Section 2

Section Two – Diving Deeper Into the Interdisciplinary Team Approach and the Art of Search

Module AWhat Game Does an e-Discovery Team Play?

Module B – e-Discovery Teams Can Meet the Challenges of the “Zubulake Duty” and Control Excessive Costs.

Module C – Search is the Core Problem of Electronic Discovery, featuring legal opinions of Judge Paul Grimm and Judge John Facciola.

Module D – e-Discovery Team Search and the Ethics: Videos with Judge David Waxse, Losey, and others.

Module E – Two Cases of Inexpert Search, featuring a Losey essay with Sherlock Holmes.

Module F – Team Organization and Operational Issues.

Module G – Ariana Tadler on the Plaintiff’s Perspective to Requesting Electronic Discovery.

Module H – Surveys Shows Negligent e-Records Management Is Creating “Stunning Business Risks” and a Case in the Supreme Court Proves It.

Module I – e-Discovery at the Harvard Club in New York City, featuring the thoughts of David Shonka, Sherry Harris, Tom O’Connor, Monica Bay, and others.

Module J – Jason Baron on Search – How Do You Find Anything When You Have a Billion Emails?

Module K – Child’s Game of “Go Fish” is a Poor Model for e-Discovery Search.

Module L – Part One: The Multi-Modal “Where’s Waldo?” Approach to Search and My Mock Debate with Jason Baron.

Module M – Part Two: The Multi-Modal “Where’s Waldo?” Approach to Search and My Mock Debate with Jason Baron.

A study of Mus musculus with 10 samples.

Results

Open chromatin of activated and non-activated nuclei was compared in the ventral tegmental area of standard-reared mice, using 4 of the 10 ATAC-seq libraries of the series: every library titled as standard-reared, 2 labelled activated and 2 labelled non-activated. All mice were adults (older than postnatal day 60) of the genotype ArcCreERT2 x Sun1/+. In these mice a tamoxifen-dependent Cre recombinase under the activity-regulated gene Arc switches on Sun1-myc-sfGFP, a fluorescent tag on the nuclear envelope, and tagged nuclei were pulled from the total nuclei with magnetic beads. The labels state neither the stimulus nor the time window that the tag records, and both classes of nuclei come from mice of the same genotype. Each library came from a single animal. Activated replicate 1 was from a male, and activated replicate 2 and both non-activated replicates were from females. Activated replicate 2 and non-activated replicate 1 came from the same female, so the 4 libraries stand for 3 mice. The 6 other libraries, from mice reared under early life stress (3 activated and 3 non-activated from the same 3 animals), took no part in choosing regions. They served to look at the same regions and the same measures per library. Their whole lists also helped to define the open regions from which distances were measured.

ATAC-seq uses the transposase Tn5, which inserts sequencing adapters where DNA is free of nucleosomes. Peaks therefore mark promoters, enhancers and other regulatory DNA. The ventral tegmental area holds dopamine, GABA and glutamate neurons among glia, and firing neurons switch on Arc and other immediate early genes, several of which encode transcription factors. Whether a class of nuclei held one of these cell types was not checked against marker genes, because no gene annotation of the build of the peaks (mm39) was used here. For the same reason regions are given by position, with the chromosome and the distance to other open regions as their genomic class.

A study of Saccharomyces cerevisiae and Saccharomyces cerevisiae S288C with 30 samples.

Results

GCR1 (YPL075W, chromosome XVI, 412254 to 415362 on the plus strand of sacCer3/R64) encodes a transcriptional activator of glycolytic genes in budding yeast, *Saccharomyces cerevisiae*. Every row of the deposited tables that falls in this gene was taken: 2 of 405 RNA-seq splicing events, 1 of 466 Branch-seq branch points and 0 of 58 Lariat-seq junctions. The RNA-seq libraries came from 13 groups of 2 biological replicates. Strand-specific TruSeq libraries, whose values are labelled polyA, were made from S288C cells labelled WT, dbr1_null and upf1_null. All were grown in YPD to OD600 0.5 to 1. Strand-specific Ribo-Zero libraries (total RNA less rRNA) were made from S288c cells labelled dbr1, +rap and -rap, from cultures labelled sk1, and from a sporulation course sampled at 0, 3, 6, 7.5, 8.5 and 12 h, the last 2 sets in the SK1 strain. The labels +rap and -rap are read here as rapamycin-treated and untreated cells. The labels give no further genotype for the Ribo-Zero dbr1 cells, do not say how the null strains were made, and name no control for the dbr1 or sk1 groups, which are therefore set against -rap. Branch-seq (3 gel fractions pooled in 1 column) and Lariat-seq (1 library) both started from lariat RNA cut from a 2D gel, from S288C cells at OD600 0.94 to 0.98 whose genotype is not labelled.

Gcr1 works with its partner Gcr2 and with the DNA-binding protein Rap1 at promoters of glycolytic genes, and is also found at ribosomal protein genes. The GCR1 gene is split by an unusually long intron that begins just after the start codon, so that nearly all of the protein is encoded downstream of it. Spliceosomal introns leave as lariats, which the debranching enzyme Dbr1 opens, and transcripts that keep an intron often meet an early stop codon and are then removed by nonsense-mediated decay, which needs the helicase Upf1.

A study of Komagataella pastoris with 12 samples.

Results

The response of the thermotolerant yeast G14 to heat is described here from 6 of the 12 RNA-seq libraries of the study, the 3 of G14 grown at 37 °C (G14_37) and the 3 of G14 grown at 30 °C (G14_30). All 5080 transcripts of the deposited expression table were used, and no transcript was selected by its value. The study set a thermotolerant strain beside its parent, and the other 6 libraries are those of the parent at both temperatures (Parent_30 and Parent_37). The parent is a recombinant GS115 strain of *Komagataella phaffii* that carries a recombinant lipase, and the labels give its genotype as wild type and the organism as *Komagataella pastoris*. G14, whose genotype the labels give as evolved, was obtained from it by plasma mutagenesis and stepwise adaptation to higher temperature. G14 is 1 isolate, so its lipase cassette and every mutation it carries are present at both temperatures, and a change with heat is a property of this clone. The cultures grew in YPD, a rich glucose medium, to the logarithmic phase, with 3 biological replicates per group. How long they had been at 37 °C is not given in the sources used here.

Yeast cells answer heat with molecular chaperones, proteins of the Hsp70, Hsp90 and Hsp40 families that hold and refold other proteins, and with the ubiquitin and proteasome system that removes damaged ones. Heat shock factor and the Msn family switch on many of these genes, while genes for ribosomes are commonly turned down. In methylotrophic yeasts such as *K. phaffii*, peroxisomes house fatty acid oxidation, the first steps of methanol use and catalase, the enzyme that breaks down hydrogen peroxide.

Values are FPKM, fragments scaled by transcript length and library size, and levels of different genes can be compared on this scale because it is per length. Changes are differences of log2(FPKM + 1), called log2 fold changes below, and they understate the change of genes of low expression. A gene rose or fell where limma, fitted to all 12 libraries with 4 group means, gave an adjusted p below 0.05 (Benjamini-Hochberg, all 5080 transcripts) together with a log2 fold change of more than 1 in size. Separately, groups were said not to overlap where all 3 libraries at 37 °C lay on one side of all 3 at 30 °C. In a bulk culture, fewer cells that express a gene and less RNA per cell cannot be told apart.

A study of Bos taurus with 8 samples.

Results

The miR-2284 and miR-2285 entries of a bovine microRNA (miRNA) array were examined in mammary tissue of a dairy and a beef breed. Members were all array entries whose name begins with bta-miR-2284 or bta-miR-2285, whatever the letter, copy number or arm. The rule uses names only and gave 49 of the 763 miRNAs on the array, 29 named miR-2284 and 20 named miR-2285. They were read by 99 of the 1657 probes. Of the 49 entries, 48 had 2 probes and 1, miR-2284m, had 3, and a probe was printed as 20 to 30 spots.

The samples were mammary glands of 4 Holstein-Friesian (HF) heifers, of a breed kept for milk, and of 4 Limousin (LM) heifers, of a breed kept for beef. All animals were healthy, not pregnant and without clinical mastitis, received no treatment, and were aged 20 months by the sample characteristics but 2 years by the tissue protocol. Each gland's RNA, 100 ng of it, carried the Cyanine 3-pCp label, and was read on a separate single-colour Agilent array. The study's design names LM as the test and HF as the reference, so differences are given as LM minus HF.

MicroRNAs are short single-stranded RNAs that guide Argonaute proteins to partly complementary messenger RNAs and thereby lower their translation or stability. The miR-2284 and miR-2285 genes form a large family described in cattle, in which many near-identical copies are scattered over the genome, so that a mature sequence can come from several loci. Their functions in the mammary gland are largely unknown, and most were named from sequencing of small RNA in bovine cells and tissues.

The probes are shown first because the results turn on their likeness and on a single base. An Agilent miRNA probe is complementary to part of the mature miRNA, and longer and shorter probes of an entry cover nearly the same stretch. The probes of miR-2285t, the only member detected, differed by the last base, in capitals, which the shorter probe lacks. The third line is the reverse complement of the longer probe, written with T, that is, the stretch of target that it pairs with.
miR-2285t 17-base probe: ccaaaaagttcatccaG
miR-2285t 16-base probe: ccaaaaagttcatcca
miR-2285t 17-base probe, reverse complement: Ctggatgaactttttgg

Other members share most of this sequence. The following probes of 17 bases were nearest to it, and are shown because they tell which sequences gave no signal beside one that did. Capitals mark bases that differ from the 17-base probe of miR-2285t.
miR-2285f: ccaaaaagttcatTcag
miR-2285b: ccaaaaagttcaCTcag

Module N – Criminal Case Raises Interesting e-Discovery Search Issues.

Module OWhat Can Happen When Lawyers Delegate Their e-Discovery Duties to a Client.

Module P – Sedona Provides Much Needed Guidance on Email Management, Legal Holds and ESI Preservation.

Students are invited to leave a public comment below. Insights that might help other students are especially welcome. Let’s collaborate!


Copyright Ralph Losey 2017


Ralph is a Partner in LOSEY PLLC. The law firm was founded by his son and daughter-in-law, Adam and Cat Losey, and can be found at Losey.law. Ralph has over forty years of experience representing companies and individuals in information technology issues, including contracts and business advice. Ralph also has substantial experience in civil litigation, including commercial, intellectual property, employment and insurance. His litigation sub-specialty in these areas is fraud, primarily defense oriented, but he also initiated for the plaintiff, on behalf of the United States, several government fraud Qui Tam cases. One resulted in the largest False Claims Act settlement in history. For the past ten years Ralph has focused on a new area of the law that he has become passionate about, artificial intelligence, especially its use to find evidence and its ethical implications.